The future is friendly: SMRC’s prototype 3D food printer.

Here in Canada, we have acquitted ourselves pretty well in the realm of technological innovation. Our relatively young history has almost coincided with post-Industrial Revolution modernity, and spawned some globally recognized inventions.

Inventions both profound (Alexander Graham Bell’s telephone) and mundane (Joseph-Armand Bombardier’s snowmobile) have dealt with the challenges Canada happened to have, making the huge distances and inhospitable weather somehow less onerous.

In an earlier age, people worked with materials at hand, inventing the birch bark canoe to navigate the highway-like rivers between settlements. It isn’t particularly encouraging that we still use advanced technology to merely reach for the lowest hanging fruit, poking holes in the ground and squandering our vast freshwater reserves when we could be harnessing the sun or the power of quantum engineering. At our technological best, we can plagiarize nature, emulating its processes in order to improve our place in it, rather than merely depleting us both.

But some still fear an economy based on technology instead of resources. They needn’t. To counter paranoia generated by the doomsayers of innovation, here are five reasons the future will be better than you can possibly imagine, if we’re smart about it.

1. Robots

Providing we can indefinitely quell the robot uprising predicted by dystopian fiction, robots will offer very real use to humans in relieving the suffering experienced by manual factory labour around the world, and also a set of unimaginably precise hands for performing surgical procedures. Robots will also be our first beacons sent to explore space, boldly going places where no man is ever likely to be able to go, all the while reporting their valuable findings back to us.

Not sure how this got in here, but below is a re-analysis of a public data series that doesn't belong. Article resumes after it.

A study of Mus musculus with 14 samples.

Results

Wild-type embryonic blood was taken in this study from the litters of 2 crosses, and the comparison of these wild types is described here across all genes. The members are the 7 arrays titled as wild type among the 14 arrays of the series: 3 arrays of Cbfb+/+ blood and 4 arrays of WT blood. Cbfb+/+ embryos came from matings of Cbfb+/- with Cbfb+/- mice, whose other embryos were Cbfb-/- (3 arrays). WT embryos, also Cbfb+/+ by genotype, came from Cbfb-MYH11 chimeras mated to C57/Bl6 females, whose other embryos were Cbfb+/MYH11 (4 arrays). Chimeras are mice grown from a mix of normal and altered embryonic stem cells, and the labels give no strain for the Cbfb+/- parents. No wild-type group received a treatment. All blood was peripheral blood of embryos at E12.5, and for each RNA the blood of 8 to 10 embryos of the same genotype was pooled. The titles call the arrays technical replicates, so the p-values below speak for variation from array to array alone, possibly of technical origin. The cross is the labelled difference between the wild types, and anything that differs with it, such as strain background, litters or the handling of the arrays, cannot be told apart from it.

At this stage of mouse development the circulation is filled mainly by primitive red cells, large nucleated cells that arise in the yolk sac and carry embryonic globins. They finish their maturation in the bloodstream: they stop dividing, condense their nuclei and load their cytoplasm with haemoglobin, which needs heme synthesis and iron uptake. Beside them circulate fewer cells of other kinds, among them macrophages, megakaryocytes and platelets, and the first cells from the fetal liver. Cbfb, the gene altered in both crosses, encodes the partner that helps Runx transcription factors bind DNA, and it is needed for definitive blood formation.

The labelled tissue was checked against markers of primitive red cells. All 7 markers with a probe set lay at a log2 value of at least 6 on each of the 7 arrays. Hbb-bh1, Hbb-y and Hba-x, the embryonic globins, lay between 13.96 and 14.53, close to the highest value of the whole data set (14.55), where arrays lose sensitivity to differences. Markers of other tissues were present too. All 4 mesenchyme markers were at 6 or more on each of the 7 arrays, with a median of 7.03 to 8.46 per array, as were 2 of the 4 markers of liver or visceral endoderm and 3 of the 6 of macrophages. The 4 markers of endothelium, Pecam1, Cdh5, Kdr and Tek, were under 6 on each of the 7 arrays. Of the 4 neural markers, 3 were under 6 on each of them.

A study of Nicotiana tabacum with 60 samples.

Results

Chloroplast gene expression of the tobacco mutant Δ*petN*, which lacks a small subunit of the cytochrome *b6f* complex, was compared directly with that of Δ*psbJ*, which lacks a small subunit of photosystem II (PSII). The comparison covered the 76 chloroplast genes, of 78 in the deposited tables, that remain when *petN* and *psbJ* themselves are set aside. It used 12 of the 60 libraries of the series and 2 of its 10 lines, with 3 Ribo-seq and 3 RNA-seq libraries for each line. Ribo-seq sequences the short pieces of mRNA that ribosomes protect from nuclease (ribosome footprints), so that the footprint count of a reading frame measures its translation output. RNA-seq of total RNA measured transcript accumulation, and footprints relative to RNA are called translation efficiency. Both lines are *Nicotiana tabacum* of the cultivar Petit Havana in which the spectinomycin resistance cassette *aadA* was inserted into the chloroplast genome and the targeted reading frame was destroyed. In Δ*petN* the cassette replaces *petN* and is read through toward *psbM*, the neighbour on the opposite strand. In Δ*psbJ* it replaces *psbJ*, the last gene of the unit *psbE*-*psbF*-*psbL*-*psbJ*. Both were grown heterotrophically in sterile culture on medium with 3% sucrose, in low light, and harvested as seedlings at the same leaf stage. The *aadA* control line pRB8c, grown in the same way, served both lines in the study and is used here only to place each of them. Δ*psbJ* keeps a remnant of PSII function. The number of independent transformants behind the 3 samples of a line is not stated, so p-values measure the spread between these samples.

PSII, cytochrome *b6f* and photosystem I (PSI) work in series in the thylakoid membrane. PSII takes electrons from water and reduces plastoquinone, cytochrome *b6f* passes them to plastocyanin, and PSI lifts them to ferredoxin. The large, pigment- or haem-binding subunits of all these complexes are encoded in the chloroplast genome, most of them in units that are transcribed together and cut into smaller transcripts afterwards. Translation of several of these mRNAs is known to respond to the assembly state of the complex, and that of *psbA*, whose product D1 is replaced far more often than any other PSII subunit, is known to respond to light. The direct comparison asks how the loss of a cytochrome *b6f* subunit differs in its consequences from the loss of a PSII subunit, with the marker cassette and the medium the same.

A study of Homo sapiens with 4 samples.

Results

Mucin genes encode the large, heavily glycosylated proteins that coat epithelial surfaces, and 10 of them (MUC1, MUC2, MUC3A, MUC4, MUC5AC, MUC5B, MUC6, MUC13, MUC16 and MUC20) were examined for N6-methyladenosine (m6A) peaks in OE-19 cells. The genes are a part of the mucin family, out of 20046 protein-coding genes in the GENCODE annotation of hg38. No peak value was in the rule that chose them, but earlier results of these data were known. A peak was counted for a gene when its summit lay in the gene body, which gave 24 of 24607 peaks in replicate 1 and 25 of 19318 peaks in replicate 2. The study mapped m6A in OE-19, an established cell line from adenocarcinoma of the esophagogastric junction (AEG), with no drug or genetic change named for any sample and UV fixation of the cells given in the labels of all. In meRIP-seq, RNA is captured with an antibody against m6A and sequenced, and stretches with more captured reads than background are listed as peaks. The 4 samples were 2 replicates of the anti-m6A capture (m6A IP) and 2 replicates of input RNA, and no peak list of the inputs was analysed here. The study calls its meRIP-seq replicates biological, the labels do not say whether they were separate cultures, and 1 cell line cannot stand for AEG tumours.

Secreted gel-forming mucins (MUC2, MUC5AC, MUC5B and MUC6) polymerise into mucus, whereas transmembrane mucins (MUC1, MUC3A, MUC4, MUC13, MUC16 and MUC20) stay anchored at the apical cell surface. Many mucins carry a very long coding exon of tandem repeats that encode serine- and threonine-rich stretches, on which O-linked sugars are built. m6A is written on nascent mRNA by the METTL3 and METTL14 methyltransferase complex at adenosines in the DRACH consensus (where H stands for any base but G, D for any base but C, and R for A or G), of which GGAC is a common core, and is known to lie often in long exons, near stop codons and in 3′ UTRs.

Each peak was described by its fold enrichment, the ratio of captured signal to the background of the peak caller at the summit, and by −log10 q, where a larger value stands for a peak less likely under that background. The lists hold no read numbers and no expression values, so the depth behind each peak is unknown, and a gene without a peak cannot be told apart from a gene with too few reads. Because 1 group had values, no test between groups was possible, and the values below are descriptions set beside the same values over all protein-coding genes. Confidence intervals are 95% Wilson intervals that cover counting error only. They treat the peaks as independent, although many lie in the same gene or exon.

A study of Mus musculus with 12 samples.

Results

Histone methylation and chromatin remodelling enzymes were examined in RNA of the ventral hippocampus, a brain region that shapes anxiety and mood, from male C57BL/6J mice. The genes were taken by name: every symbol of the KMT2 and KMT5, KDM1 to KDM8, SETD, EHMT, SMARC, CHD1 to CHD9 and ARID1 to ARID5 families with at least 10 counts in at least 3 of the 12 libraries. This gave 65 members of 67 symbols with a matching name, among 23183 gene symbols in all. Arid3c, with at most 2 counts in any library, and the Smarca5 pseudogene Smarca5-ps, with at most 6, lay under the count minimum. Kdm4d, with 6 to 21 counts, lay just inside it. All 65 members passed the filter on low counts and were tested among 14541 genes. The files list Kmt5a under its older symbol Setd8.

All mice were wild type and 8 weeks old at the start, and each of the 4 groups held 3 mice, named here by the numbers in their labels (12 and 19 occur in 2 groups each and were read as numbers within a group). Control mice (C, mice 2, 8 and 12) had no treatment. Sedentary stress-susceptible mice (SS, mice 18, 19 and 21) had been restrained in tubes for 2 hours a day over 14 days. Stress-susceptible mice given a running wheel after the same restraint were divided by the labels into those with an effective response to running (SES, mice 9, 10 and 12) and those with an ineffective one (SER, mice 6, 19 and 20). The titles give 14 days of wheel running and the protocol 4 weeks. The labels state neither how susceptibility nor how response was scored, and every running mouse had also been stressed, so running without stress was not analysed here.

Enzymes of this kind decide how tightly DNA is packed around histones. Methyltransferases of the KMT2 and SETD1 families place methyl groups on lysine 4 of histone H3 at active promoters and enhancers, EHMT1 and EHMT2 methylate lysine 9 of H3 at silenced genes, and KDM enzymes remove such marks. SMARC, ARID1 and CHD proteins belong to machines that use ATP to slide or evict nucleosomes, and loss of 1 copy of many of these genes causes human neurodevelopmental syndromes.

2. Urban farming and genetically modified food production

Ecologically conscious types used to wring their hands over the 100-mile diet. How about the 1-mile diet? Food for urban dwellers will come from vertical farms housed in skyscrapers. And who will till those fields? Robots, of course.

3. Big Data.

While it can certainly be used for malign purposes (read “advertising”), the potential for Big Data to transform our lives for the better is revolutionary. Aside from changing machines, leading to innovations like perception, reasoning and decision making, Big Data is set to introduce life-changing efficiencies to the way we live through analytics.

4. 3D printing

CAD design combined with wide availability of 3D printers will revolutionize manufacturing, not only for shoes or Eiffel tower replicas, but organic materials. Human tissue can be printed for surgical transplant. And dinner will be downloadable.

5. The Internet of things.

Desktop computers as we know them will become increasingly rare, to be replaced by peripherals, wearable and otherwise. A computer as powerful as a contemporary home computer will fit into a package the size of a wristwatch and accomplish all the things you currently rely on your smartphone for: GPS, email, social networking, etc. These things will be connected by ubiquitous internet nodes to household appliances, public transit, and an ever more efficient hydroelectric grid. The infrastructure of the internet will no longer be dependent on the telecommunications infrastructure that exists only in densely populated areas. It’ll be a lot faster and cheaper, too.